Once Upon a Time in Hollywood - Movie Review

Once Upon a Time in Hollywood

Once Upon a Time in Hollywood - Movie Review

The 2019 hit directed by Quentin Tarantino starring Leonardo DiCaprio, Brad Pitt, and Margot Robbie is a study on contradictions. While Once Upon a Time in Hollywood is a direct descendent of the New Hollywood style of cinema in terms of the legacy of the filmmaker who helmed it, it is also an attempt to negate that whole era of American movie history.

The central premise is an homage to the classic, old school Hollywood with all of its predictability and myopia of vision. It basically asks: what if Charles Manson didn’t influence his followers to commit such heinous crimes? Why couldn’t we have real-life cowboys to come in and save the day?

Well, these hypotheticals are difficult to entertain seriously but they are at the heart of Tarantino’s recent cinematic output. What if people fought off the Nazis? How about slave owners? And so on.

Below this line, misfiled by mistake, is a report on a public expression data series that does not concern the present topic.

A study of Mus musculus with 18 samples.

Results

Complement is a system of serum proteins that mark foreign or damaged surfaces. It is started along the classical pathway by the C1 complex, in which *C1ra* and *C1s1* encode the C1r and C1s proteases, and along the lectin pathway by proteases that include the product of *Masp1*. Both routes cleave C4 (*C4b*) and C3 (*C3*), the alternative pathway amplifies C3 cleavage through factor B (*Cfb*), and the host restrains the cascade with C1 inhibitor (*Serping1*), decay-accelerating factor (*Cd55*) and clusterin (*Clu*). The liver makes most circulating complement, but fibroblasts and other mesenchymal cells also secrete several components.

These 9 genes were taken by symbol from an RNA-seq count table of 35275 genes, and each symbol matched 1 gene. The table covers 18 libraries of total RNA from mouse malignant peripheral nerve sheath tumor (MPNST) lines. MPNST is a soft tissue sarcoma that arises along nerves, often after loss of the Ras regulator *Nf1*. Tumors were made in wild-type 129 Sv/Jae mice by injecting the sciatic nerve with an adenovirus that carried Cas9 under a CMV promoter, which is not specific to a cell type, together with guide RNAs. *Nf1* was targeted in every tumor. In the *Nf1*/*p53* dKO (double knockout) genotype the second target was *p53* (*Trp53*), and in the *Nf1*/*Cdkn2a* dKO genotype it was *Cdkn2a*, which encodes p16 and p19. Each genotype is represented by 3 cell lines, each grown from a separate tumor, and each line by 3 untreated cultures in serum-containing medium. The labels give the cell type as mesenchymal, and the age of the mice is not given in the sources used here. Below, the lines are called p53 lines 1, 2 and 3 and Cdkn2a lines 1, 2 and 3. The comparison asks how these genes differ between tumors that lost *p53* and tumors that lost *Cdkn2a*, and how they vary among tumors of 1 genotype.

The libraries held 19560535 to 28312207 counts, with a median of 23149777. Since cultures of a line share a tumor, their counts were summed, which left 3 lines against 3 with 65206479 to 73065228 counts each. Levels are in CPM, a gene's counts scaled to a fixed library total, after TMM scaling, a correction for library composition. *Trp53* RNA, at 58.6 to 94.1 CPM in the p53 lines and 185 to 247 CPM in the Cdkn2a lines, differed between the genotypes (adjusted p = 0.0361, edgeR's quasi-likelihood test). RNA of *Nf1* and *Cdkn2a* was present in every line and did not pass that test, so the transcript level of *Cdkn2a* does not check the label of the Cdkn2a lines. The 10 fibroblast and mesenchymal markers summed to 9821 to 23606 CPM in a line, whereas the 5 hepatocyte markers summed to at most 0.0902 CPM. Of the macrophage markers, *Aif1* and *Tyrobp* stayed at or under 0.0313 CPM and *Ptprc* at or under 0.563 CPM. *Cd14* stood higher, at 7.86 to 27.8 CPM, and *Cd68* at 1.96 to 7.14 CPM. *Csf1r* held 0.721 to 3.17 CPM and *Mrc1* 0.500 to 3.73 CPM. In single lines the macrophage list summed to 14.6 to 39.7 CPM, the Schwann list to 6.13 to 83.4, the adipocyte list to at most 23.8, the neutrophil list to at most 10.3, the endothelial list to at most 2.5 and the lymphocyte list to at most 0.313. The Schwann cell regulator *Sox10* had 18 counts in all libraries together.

Leonardo DiCaprio plays a television star, Rick Dalton, desperately looking for work in Hollywood. Yet, he is slowly realizing that perhaps his best days are behind him. Brad Pitt plays Cliff Booth, his best friend and mysterious stuntman, who - probably - has a dark past.

Rick happens to be Roman Polanski’s and Sharon Tate’s neighbor, and from there, you can perhaps try to imagine what happens next, without there being too many spoilers.

Side by side, it’s hard to understand why DiCaprio and Pitt haven’t been paired up together before since they look so similar and the chemistry is palpable.

This casting is definitely a stroke of genius here. Both actors turn in perhaps the best and most subtle performances of their careers, and in this case, the accolades are much deserved.

However, the film as a whole is a bit muddled, and unfortunately, Margot Robbie’s immense talent isn’t given much to do in the film, except to exert her easygoing charm as Sharon Tate’s beautiful ghost.

The script is a bit off, and the movie perhaps runs over for at least twenty minutes. It also presents a deeply cynical view of the 1960s that might not go over well with all audiences. Once Upon a Time in Hollywood has its charms as a weird and funny fairy tale, but proceed with caution.